Law 4 - The Players Equipment 1/15/2017
RE: Under 14
Nik of Maidenhead, U.K. asks...
Hi we played a team today that tucked the laces in to their boots rather than tiring them up, is this correct?
If that boot comes off and injures a player or even if the player in question is injured in a tackle then who is liable?
Answer provided by Referee Joe McHugh
How laces are tied is of little concern to the game or the referee. I see players ties their laces and then tuck extra length inside the boot. The boot is correctly tied or at least that is the way it looked to me. Only happened yesterday in my game. Now I personally could not have a lace tucked in the boot yet plainly others can. So be it. Referees have enough responsibilities without worrying about lace tying method or lack thereof.
Now I have been involved in the game for a very long time and I have never seen an injury from a lost boot. I have even tied laces for very young players on the FOP. I have told players that their lace is open yet I would never question lace tying methods. Anyway should it ever happen it would be nigh impossible to prove negligence and that the player knowingly did something that caused injury. That is not going to happen. Should such a claim ever happen it is time for me to walk away from the game.
This isn't something that the referee needs to worry about - if the shoes were that likely to come off, I would imagine the players wouldn't keep doing it.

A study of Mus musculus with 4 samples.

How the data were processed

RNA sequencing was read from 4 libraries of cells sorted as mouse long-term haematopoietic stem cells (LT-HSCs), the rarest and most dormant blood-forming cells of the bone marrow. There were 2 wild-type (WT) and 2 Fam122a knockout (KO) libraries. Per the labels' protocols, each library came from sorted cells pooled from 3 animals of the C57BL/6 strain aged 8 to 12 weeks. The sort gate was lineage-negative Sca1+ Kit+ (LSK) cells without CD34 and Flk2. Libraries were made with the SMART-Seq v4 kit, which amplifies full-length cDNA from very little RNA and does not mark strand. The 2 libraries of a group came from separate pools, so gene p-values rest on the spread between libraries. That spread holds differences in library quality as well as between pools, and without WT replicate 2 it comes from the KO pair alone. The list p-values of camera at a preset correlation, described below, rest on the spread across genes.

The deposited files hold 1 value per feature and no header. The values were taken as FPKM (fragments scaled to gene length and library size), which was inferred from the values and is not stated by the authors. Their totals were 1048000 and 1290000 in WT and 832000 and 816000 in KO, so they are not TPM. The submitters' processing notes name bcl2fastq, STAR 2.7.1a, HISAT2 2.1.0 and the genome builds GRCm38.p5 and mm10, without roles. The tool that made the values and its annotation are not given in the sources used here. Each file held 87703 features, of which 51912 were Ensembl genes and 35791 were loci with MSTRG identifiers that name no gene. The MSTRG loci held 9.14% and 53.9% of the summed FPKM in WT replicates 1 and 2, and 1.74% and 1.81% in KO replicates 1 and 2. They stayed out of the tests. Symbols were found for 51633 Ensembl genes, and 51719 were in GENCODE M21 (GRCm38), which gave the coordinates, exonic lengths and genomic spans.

Even if a boot is tied up there's no guarantee it's tied tight, so I don't think there's any benefit to the referee worrying about this.
In terms of how the referee approaches it if the shoe comes off - a foul must be 'careless' at a minimum. If somebody's shoe flies off and hits somebody, is it a careless kick (let's assuming the kicked object - the shoe - counts as a kick)? Or is it accidental? I'd argue the latter, and I think most referees would. Shoes come off once in a blue moon.
If, say, the shoe flies off and interferes with the keeper as he's trying to save a shot, the wise referee will find some excuse to not allow the goal - and you could, at a stretch, fit it into a few offences to find a free kick. But that's a particular situation where fairness demands intervention, and the laws permit it (just).
What if a player who loses a shoe keeps playing? Well, they're allowed to keep going with that phase of play - but if they engage in a tackle, or retain the ball as an opponent is approaching to tackle, then they are putting themselves at risk. Playing in a Dangerous Manner (PIADM) encompasses the player putting themselves at risk as well as others, so this would be an indirect free kick.
As for questions of 'liability' from the legal sense - that's not the interest of the referee. Accidents happen, and it's one of the least likely possibilities for injury.
I can't imagine that an entire team would choose (or that a coach would allow them) to play with boots that were tied in such a way that they would be constantly coming off. I notice also that you don't say that any of their boots did come off, just what might happen if they did. So it sounds to me as if there probably wasn't really any problem here.
I would also agree with my colleagues' observations that even when a boot does come off (an occurrence I have seen a fair few times) it very rarely causes any real problems or danger except perhaps to the player themselves. If so, the referee can stop play at that point but more often than not, in my experience it's OK to let play continue - and the Laws allow for this to happen.